The following blog is written by a young woman who was brought to the UK when she was still a young child. Despite the fact that she has lived in the UK for the vast majority of her life, she had extreme and extended difficulty in obtaining her leave to remain in the UK and, in addition to this, is now unable to access student finance for her university studies. Here she talks about how these experiences and this knowledge – that she would not be able to attend university – impacted upon her secondary school studies.
My mum brought me and my brother to the UK because she wanted us to have a better life. I went to nursery, primary school and secondary school in this country. Then, at the age of fifteen, I was taken to a detention center with my brother and father by officers from UKBA. They came to our house early one morning while we were getting ready for school, like every other day. At this point I had just begun my GCSE studies and considered the UK my home. Why wouldn’t I? I had been here since I was two years old.
During my time in detention I changed. Previously I had been outgoing, ‘bubbly’. I was in the school debating team and performed in school plays. I remember playing ‘a loiterer’ in the Little Shop of Horrors, and I even won a Jack Petchey award for my contributions to the school. But now, in the detention centre, I became withdrawn and I lost a lot of this confidence. I struggled to understand what was happening to me, not because I didn’t understand where I was but because I didn’t understand WHY I was there. The UK was my home.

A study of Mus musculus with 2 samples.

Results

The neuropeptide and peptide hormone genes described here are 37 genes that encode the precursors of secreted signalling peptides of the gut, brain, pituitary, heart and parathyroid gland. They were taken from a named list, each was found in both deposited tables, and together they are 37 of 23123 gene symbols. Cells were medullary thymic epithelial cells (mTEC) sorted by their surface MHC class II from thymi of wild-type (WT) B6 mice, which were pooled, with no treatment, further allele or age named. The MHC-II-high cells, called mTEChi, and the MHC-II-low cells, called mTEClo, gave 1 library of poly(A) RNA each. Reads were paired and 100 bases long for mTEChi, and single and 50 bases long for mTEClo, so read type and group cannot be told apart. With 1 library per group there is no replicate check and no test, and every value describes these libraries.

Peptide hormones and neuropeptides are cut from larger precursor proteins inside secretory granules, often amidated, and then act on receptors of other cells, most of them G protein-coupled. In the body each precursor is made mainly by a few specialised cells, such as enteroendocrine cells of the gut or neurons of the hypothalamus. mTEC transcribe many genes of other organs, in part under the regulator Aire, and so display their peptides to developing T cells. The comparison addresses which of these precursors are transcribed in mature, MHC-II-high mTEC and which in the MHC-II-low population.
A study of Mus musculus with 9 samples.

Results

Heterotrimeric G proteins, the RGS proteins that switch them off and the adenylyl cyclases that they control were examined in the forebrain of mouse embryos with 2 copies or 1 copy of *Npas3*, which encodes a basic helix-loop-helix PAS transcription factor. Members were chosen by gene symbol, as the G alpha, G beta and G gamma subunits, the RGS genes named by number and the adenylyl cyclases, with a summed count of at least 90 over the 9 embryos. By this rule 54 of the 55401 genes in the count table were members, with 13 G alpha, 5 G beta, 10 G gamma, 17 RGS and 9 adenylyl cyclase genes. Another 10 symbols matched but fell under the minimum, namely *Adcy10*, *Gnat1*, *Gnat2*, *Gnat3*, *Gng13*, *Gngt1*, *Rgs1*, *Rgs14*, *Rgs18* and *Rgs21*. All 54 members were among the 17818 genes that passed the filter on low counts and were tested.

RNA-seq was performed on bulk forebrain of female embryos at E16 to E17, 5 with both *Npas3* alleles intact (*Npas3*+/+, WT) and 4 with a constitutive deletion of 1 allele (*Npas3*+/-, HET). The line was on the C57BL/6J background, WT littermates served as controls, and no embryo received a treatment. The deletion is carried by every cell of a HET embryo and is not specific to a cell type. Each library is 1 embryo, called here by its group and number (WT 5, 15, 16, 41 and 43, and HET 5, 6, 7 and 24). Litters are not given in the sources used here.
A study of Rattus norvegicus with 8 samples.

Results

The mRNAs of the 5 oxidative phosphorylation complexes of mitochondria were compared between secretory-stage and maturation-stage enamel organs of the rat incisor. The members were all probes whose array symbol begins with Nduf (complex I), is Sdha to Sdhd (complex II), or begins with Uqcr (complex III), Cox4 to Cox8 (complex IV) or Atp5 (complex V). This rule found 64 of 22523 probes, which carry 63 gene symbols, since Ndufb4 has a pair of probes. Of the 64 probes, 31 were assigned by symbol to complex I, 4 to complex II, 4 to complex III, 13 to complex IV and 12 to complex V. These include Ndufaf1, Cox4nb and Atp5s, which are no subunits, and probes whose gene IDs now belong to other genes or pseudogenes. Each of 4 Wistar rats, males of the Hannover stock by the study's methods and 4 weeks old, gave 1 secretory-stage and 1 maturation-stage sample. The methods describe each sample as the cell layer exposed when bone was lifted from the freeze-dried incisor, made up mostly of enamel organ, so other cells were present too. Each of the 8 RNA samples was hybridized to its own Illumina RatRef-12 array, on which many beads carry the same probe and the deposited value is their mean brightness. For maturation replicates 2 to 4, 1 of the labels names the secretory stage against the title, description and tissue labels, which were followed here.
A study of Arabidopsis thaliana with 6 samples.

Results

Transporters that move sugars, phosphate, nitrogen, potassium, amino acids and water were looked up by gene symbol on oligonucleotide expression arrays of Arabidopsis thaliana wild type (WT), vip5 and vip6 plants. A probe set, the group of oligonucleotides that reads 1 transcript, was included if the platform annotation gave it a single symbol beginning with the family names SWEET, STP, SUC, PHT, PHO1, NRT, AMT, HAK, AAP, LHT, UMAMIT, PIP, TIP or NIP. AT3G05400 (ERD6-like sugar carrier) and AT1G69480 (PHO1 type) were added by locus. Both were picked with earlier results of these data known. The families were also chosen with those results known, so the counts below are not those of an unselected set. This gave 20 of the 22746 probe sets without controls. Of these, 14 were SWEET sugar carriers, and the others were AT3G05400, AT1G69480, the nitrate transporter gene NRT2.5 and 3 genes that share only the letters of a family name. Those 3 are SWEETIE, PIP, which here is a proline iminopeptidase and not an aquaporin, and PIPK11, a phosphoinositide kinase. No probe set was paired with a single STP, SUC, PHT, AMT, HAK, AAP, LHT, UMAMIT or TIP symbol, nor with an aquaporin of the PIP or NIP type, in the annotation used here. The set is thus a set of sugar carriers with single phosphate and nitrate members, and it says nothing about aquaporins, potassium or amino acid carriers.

After seven weeks, and two failed attempts at deportation, we were released. Throughout this time my brother and I had continued to be ‘educated’ in a detention centre classroom, with about fifteen other children and young people of all different ages. Some of them were waiting to be deported. It was a very, very strange situation.
I returned to school and, despite this disruption, a year and a half later I went on to complete my GCSE studies. I was relieved to find that I had passed ‘with flying colors’. However, I still had a feeling of uncertainty for my future. Starting my A-levels in September 2011, I was excited but apprehensive about the new chapter I was about to begin in my life. My immigration status was still unresolved, despite years of applications and appeals.
As a result, I found it hard to keep myself motivated and dedicated to my work. I kept thinking to myself, “Is there really a point in what you’re doing? You’ve been applying for status in this country for years and still haven’t received it”. Still, I powered through. What other choice did I have? My life was here, in this country that did not want to accept me.
Then, I learned that there was to be another barrier. I found out that, even if and when I did finally receive my leave to remain in the UK, I would be unable to access student finance and so would be unable to take up any place that I had earned at university. All of this was happening when I was being told to focus solely on my studies and upon my future prospects.
When the time came to study for my exams, the knowledge that I would be unable to attend university definitely started to affect me. It was a real struggle to study and to concentrate fully. In the end, although my final grades weren’t the best I could have ever achieved, I believe it was the best I could have done in the circumstances.
My experience has given me the belief that, when you are unsure about where your life is taking you, you have to be positive and know that you can do it. You must push through any pain you may feel, push through everything that is an obstacle in your life and you will achieve.
By anonymous guest blogger, aged 20.